There is no sure way to prevent chemo-induced peripheral neuropathy (CIPN), but there are things you can do to manage your symptoms. During treatment, your cancer care team will ask you about your symptoms and watch you to see if the CIPN is getting worse. Your team may need to delay your treatment, use smaller doses of the chemo drugs, or stop treatment with the drug that is causing the CIPN until your symptoms get better. These actions must be started right away to prevent long-term damage that won’t get better.
Treatment can often help ease some of the symptoms of CIPN. Sometimes these symptoms go away a short time after treatment is done. But sometimes they last much longer and need long-term treatment. Severe CIPN may never go away.
Treatment is mostly given to relieve the pain that can come with CIPN. Some of the drugs used include:
Researchers are looking at which drugs work best to relieve this kind of pain. It may take more than one try to find out what works best for you.
Other treatments that can be tried to ease nerve pain and its effects on your life include:
There are some things you can do to better manage the symptoms of CIPN, such as:
When your sense of feeling is affected by CIPN, you might be more likely to injure yourself by accident. Here are some things you can do to stay safe:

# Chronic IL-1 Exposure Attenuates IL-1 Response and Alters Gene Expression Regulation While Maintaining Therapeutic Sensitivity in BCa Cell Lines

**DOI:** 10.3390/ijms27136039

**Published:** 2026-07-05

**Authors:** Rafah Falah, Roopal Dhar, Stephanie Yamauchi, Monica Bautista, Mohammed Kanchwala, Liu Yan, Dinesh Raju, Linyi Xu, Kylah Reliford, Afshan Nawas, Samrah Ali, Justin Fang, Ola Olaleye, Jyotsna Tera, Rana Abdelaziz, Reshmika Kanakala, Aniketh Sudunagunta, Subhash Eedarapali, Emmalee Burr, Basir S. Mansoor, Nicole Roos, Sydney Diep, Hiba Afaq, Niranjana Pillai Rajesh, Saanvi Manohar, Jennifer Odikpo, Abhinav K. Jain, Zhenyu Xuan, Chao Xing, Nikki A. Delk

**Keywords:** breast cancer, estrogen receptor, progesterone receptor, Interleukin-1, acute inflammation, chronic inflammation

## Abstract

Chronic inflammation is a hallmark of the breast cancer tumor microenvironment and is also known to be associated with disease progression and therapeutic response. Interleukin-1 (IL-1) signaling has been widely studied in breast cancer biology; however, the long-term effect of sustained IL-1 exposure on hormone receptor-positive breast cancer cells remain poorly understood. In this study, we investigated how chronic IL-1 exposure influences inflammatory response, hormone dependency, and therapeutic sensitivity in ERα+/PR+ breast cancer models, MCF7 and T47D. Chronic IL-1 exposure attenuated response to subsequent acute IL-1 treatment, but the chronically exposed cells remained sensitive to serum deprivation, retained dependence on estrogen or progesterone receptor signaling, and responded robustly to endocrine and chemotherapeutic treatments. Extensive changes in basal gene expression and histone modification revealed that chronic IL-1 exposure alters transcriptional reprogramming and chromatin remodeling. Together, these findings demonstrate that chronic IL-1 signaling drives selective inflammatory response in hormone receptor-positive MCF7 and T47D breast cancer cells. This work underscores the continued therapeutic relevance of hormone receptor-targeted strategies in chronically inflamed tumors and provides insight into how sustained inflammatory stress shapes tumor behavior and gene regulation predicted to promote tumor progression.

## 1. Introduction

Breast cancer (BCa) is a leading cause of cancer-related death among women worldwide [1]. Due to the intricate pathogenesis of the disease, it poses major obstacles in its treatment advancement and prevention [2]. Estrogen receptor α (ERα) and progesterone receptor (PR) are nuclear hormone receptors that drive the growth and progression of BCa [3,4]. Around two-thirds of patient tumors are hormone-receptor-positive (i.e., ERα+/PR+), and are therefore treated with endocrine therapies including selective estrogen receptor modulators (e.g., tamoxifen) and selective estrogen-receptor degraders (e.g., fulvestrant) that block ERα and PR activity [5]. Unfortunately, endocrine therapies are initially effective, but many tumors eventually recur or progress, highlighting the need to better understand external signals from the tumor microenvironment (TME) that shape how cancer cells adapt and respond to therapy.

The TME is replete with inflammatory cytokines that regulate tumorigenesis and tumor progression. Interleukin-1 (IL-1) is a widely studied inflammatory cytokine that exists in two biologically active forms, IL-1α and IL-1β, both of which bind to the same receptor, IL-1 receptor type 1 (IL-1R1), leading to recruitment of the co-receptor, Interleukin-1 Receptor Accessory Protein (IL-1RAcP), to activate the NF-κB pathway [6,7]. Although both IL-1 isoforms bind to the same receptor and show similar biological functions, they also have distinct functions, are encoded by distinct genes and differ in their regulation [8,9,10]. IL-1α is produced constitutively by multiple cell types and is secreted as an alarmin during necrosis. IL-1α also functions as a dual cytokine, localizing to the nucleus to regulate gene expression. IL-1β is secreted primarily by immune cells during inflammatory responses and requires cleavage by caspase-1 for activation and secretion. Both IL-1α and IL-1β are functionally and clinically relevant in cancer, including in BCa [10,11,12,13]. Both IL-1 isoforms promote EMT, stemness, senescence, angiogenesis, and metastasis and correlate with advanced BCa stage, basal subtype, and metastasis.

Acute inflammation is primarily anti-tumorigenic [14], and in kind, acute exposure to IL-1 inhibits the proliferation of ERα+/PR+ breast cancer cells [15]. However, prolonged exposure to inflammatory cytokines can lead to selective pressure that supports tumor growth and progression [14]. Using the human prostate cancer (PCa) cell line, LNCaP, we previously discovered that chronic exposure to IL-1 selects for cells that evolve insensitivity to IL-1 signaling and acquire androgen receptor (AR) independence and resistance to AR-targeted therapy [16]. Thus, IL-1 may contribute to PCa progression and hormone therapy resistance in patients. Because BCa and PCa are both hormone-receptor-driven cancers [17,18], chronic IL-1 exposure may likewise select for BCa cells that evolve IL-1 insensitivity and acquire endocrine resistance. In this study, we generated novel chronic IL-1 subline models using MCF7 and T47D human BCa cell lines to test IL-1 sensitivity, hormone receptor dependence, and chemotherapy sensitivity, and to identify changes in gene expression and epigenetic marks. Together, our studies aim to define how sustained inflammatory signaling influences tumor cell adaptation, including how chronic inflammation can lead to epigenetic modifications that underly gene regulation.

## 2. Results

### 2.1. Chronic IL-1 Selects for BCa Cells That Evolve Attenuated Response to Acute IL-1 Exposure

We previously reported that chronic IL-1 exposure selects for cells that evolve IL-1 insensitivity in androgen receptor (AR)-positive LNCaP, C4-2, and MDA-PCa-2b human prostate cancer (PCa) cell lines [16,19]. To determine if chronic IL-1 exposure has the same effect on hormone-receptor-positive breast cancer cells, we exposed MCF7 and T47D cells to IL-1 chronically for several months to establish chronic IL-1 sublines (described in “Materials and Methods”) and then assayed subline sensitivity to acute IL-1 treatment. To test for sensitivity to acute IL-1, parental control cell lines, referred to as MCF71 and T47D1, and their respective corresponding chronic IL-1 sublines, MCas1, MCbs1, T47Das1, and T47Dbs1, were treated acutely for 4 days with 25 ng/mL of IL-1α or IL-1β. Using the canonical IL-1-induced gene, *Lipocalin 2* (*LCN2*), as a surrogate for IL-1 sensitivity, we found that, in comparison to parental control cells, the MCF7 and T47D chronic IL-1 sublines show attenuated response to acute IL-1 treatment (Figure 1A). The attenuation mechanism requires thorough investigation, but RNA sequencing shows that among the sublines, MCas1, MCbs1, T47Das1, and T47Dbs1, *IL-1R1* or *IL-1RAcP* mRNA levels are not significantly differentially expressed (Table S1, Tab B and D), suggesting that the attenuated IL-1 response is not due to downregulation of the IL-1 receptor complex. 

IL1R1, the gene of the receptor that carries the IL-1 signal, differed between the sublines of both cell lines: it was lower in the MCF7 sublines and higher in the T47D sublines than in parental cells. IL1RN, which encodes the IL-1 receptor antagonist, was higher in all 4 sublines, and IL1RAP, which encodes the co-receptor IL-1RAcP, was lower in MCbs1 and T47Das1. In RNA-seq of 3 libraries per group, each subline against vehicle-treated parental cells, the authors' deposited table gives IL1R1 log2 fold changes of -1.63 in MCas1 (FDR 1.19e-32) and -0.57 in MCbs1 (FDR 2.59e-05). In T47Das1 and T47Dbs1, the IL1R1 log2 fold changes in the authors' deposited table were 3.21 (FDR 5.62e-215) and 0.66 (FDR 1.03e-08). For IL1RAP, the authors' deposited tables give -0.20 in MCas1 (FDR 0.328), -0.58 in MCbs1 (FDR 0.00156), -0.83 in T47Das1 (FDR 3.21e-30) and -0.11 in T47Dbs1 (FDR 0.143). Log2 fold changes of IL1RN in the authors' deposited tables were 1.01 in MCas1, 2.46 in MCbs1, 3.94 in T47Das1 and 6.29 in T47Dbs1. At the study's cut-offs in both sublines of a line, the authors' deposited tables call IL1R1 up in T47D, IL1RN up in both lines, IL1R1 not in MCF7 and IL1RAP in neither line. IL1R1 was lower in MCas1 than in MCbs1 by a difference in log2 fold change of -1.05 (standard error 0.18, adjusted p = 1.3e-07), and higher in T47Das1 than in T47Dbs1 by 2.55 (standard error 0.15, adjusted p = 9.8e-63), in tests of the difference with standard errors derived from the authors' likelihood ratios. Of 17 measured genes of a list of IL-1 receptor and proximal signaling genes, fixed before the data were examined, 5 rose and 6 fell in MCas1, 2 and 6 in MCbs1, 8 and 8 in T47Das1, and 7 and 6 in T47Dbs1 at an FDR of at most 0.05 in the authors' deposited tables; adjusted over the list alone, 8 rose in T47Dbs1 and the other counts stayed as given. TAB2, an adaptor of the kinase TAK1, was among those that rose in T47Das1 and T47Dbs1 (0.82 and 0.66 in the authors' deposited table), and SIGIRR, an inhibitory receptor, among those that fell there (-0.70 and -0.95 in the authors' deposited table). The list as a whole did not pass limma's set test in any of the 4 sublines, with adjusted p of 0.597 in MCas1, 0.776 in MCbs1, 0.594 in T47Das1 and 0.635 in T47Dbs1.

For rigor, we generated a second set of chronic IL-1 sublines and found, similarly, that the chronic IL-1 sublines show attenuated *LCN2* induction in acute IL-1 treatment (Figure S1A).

Here are some questions you might want to ask your health care team:
It’s important to work closely with your doctor or nurse to manage peripheral neuropathy caused by chemotherapy. Talk to your doctor about any changes in how you feel, and any trouble you have walking or holding things. Tell the doctor how your symptoms affect the things you do every day.
If you get medicines for CIPN, be sure to tell your doctor if the drugs are helping and if new problems start up. You might also want to talk with your doctor about whether you can get into a clinical trial to help deal with your CIPN.
If you are concerned about how future treatment might affect your quality of life, talk with your doctor about what’s most important to you. Remember that only you can decide whether you want to get, or keep getting, a certain treatment.
The American Cancer Society medical and editorial content team
Our team is made up of doctors and oncology certified nurses with deep knowledge of cancer care as well as journalists, editors, and translators with extensive experience in medical writing.